The cupola in the Great Court is said to represent the crown
of Henry VIII who founded Trinity College in 1546.

Trinity College

Click on the image for a larger view.
Aerial view of Mathematics Sciences Centre
Centre for Mathematical Sciences

Gordon and Betty Moore, Hawking
Gordon and Betty Moore, Sir Maurice Wilkes and Professor Stephen Hawking at the dedication of the new Gordon and Betty Moore Library.
  Astroid animation
Main gate at Trinity College
Great Gate at Trinity College taken from inside the Great Court.  Sir Isaac Newton was the Lucasian Professor of Mathematics at Trinity.

Mathematical bridge
The Mathematical Bridge at Queens' College

Gordon Moore, the founder of Intel, is widely known for "Moore's Law," in which he predicted in1965 that, as a rule of thumb, the number of transistors the industry would be able to place on a computer chip would double every couple of years.  This has become the guiding principle for the industry.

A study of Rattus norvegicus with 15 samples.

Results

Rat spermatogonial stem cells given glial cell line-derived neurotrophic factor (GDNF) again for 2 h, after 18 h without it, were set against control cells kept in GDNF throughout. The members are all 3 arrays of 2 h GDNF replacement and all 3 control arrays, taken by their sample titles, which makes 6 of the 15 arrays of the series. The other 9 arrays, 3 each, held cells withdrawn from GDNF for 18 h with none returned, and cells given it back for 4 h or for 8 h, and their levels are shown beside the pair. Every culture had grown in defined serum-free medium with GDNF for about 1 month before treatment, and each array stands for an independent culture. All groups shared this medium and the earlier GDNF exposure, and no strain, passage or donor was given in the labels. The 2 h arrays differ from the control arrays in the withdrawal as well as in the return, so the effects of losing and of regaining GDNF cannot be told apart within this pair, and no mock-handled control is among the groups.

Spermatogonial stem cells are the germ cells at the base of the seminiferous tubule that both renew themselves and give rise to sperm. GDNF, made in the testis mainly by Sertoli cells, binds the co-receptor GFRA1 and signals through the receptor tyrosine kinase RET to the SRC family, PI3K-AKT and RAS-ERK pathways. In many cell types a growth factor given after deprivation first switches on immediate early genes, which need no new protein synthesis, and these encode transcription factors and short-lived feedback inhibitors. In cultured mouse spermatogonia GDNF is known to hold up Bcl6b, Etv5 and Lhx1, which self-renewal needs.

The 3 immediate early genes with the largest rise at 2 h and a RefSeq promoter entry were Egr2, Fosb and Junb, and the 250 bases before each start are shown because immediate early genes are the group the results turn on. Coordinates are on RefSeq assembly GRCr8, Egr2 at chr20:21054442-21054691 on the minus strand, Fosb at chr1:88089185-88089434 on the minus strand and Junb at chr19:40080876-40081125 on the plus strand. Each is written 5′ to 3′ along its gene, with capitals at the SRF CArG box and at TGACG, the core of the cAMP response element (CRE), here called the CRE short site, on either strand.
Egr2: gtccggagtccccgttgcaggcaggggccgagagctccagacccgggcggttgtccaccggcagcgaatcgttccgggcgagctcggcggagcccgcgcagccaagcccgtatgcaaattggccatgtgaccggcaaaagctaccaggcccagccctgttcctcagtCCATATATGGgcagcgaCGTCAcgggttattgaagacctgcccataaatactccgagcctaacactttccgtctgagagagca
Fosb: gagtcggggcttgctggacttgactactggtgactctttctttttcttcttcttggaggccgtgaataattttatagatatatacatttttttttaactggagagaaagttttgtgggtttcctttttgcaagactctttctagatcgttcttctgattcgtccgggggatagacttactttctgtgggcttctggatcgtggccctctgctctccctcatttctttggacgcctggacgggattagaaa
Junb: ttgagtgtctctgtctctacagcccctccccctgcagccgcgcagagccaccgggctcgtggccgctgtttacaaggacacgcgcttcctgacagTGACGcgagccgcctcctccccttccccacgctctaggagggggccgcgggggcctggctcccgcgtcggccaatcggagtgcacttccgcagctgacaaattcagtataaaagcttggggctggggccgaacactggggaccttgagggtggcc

An NCB Advisory Board member and integrated circuit designer writes:  "Moore's Law models the observation that the number of transitors on a chip roughly doubles every 18 months.  Not all designs follow this law, but a 'large' ASIC design seems to grow by a factor of 10 every 5 years (close to Moore's Law).  In 1990 a large ASIC design size was 10-k gate, in 1995 a large design was about 100 k-gate.  In 2000 it was about 1 M-gate."

M. J. S. Smith, a graduate of Queens' College, in Application-Specific Integrated Circuits

Aerial view of math centre

The images on this web page were collected in Summer, 2004 at the Joint Conference of the British Society for the History of Mathematics (BSHM) and the Canadian Society for the History and Philosophy of Mathematics (CSHPM), held at Clare College, July 9-11. The joint conference is held triennially and alternated between Canada and the UK.  The National Curve Bank thanks Dr. Janet Beery, University of Redlands, and other members of IHMT for remembering the NCB.

The NCB thanks Gordon and Betty Moore and the Development Office of Cambridge University for permission to use photographs from the dedication of the new Centre for Mathematical Sciences.